Edmonton surgeons create cyborg tech to better transplant lungs and hearts
An inspirational story he heard as a child, a hot-rod car he loved as young man, and a desire to do something important with his life all helped propel Edmonton transplant surgeon Darren Freed to develop a transformative technology in organ transplantation.
Freed and his team at Tevosol, an Edmonton medical technology company, have built the prototype of a cyborg device that mimics the human body so that lungs can more easily survive outside the human body and be transplanted in excellent condition.
“It’s a robot donor, a machine donor,” says Freed’s partner, healthcare business expert Ron Mills.
The lungs are transplanted out of deceased patients into the cyborg chamber built to replicate what it’s like for lungs inside a healthy human body. There they can last for as long as 24 hours, about three times longer than current transplant technology permits.
If this multi-million dollar research project is successful — and there’s every indication from clinical trials that it will be — every single patient in Canada who is on the waiting list for new lungs and is in danger of dying could get the transplant they need.
The path to this achievement starts with Freed as a 12-year-old boy reading a news story about Baby Fae, the American infant born in 1984 with a diseased heart who underwent surgery, receiving the heart of a baboon. “I thought to myself, ‘I want to do that when I grow up,’ ” Freed says.
The main issue around transplant surgery for several decades now has been a lack of viable organs to transplant. Only three out of 1,000 deaths are in patients who are brain dead but with their other organs still working, the best case for preserving them for a short time for transplant. But out of those three in 1,000, just one in five will have lungs healthy enough to be used.
Freed and his partners, Mills and Dr. Jayan Nagendran, hope to double or triple the numbers for viable lung transplantation.
Freed built the first prototype in his car garage at home in 2015. He did all the coding for the machine, having taught himself the skill when he had to reprogram the computer in his 1988 Pontiac Fiero in order to turbocharge the engine.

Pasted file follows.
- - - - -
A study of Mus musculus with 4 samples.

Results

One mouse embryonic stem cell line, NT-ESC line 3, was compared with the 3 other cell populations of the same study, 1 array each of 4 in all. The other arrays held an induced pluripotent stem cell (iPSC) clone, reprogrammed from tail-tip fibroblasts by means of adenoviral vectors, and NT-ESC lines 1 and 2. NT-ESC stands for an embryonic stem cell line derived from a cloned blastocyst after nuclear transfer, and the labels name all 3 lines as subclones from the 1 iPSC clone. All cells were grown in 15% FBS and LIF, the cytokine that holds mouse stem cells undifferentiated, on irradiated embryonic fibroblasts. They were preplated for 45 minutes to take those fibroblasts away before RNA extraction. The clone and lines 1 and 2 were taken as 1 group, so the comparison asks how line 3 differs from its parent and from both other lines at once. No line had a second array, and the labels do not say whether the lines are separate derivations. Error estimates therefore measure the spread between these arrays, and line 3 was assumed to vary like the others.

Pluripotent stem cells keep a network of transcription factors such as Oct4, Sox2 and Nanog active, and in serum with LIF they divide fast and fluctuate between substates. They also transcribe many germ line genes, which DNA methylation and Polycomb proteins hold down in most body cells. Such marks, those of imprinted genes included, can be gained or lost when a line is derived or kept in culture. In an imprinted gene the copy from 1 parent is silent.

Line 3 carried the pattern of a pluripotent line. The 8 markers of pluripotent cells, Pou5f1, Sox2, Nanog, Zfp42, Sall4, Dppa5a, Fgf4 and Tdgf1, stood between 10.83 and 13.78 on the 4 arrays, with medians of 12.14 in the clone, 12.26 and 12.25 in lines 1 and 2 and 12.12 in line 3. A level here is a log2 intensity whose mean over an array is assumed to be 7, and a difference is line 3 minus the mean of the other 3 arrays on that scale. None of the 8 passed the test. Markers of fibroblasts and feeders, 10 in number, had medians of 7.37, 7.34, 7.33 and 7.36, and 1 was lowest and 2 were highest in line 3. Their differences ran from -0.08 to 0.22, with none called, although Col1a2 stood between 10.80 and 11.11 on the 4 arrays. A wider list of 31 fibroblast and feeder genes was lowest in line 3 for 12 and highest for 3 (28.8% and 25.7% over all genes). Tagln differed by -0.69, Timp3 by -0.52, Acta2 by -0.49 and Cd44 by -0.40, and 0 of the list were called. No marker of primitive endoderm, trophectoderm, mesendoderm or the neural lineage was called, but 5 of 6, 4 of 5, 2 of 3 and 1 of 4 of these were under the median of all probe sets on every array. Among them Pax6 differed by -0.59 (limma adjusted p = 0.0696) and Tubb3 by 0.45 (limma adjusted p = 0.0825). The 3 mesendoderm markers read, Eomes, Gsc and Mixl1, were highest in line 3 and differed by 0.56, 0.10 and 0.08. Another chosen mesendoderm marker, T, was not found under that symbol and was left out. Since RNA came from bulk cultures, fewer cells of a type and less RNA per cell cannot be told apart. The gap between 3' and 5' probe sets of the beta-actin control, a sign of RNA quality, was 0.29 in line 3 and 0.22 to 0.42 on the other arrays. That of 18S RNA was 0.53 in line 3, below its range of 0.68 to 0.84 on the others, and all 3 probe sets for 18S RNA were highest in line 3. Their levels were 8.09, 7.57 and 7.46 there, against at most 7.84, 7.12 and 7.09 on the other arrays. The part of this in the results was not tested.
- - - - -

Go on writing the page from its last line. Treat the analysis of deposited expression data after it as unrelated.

Being a tinkerer, a musician, a coder and a surgeon provided Freed the skillset he needed to invent something new. “If you’re going to make a significant breakthrough, you have to be able to cross disciplines,” Freed says.
His stubbornness also helps, he adds: “I’m too dumb to fail. I’m too dumb to figure out when something isn’t working and to give up.”
Freed first tested the device on pig lungs, then on 20 human lungs that had been rejected for transplant because they were too diseased. But on Freed’s machine, which allows for lungs to breathe naturally through pressure changes, these lungs actually improved in quality.
“The lung on the inside of the machine has to love it,” Freed says of the machine. “And the user on the outside of the machine has to love it as well, from all respects.”
The next step is to finish building a more user-friendly, portable and durable product, raise capital for Canada-wide testing, then take the prototype to a Montreal medical show and sell, sell, sell. Each unit will cost about $250,000, with a $12,000 disposable sterile kit for each transplant. In the United States, each transplant now costs $1 to $1.5 million. Mills hopes to have the product on the Canadian market next year and approved in the United States one year later.
In the end, of course, the success of the projects rests on how efficiently and economically the machine saves patients from certain death.
Indeed, death is a subject that came up regularly in my interview with Mills and Freed.
Death is front and centre in transplantation. A dead human is needed for lung donation and it’s desperate and near-death patients who need them.
“We think about death a lot,” Mill said.
“It’s part of life,” Freed said. “This thing called life is a terminal disease. We’re all suffering from it. Think about that. It’s going to come to an end.”
“Jim Morrison said it,” Mills said, then quoted the American singer. “No one here gets out alive.”
What does Dr. Freed himself think about that fact?
“I’m dealing with it, right?” Freed said. “Make a contribution while we’re here. That’s how I think about it. Absolutely.”
On that count, I’d say Freed is most certainly hitting the mark.